The real life of a Roman soldier

Jonathan Zarecki, professor of Classics at the University of North Carolina at Greensboro, will speak about the life of a Roman soldier Thursday, October 24 at 5:30 p.m. on the Furman University campus.

Zarecki’s talk, “The Real Life of a Roman Soldier: All Work and No Play Makes Gaius an Invincible Killing Machine,” will take place in Patrick Lecture Hall of the Townes Science Center. It is free and open to the public.

The talk is presented by the Furman Department of Classics and is part of Furman’s Cultural Life Program.

Wearing a full suit of authentic Roman armor, Zarecki will speak about the everyday life of Roman soldiers in ancient Rome. He also redresses some of the misinformation in popular TV versions of Roman war. Zarecki pushes beyond the “Great Man” perspective that still dominates ancient history where the army commander is the sole focus.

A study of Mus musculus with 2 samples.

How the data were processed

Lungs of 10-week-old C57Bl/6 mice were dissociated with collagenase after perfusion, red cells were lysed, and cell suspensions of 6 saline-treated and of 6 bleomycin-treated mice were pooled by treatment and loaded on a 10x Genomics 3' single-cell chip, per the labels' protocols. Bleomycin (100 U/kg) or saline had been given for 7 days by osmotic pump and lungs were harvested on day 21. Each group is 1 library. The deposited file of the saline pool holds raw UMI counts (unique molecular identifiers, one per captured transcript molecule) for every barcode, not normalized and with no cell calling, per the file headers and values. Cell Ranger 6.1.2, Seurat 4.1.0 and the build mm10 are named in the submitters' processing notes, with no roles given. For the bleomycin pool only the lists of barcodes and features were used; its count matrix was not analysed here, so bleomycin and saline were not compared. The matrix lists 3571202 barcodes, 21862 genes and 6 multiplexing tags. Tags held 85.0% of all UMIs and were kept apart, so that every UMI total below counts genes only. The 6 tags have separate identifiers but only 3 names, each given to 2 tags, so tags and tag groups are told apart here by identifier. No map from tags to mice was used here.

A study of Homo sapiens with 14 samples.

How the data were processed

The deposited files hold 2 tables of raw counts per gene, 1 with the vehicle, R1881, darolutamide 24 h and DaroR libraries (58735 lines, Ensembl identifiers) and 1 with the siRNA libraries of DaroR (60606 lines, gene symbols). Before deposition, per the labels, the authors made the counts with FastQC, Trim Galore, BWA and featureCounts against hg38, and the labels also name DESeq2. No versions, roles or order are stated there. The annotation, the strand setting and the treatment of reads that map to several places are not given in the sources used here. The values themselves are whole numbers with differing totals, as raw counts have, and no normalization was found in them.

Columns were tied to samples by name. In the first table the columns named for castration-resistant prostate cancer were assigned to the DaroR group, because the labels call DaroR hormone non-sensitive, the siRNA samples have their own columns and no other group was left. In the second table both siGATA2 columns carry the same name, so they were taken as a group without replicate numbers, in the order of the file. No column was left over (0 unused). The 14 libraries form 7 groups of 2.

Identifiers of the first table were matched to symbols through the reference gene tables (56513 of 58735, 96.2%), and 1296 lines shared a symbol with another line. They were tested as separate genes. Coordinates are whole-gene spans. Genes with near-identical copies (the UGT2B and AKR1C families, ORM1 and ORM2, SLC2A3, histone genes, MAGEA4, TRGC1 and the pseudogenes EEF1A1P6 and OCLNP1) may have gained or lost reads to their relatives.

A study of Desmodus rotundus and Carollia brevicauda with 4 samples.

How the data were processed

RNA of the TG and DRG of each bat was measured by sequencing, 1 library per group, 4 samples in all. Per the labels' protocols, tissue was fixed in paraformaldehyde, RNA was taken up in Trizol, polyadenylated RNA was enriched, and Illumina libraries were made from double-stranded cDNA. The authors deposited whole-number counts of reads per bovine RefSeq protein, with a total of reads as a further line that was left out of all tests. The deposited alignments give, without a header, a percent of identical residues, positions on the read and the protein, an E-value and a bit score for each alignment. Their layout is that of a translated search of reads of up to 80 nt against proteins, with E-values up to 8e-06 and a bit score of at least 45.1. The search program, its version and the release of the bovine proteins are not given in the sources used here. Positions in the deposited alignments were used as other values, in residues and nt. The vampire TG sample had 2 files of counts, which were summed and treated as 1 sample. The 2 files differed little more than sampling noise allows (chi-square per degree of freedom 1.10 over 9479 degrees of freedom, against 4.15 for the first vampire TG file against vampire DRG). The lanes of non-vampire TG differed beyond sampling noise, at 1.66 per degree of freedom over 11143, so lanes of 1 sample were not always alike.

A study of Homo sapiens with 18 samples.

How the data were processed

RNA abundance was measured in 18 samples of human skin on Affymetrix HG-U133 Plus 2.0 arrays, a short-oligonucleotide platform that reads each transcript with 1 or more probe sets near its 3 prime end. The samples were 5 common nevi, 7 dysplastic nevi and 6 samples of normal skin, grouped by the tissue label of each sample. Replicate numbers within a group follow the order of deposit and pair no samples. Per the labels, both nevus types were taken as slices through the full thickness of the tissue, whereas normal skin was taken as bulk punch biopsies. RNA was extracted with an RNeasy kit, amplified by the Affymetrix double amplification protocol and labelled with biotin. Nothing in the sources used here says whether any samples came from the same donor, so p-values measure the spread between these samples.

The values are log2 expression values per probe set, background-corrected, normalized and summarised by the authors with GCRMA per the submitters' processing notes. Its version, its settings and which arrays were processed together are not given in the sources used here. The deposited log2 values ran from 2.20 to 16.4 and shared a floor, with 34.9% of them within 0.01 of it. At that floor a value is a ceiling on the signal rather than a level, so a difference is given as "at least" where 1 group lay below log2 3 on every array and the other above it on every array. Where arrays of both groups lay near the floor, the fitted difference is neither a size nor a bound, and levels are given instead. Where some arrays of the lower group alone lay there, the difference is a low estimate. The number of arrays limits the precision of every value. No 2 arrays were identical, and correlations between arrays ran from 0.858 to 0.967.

Following his lecture, there will be opportunity for photos with Zarecki, arrayed in his suit of armor.

Zarecki’s research focuses on the history and literature of the Late Republic, specifically the breakdown of the Roman constitution and the transition from republic to empire. His primary interest lies in Cicero’s writings, with particular focus on the letters and philosophical works.

He is author of Cicero’s Ideal Statesman in Theory and Practice (2013, Bristol Classical Press), and is working on a comprehensive history of the Roman lictors. His other research interests include Latin historiography, Horatian lyric poetry, and ancient warfare. Zarecki holds an undergraduate degree from Colby College and advanced degrees from University of Florida.

For more information, contact Amy Cockman in Furman’s Department of Classics, 864-294-2302, or amy.cockman@furman.edu.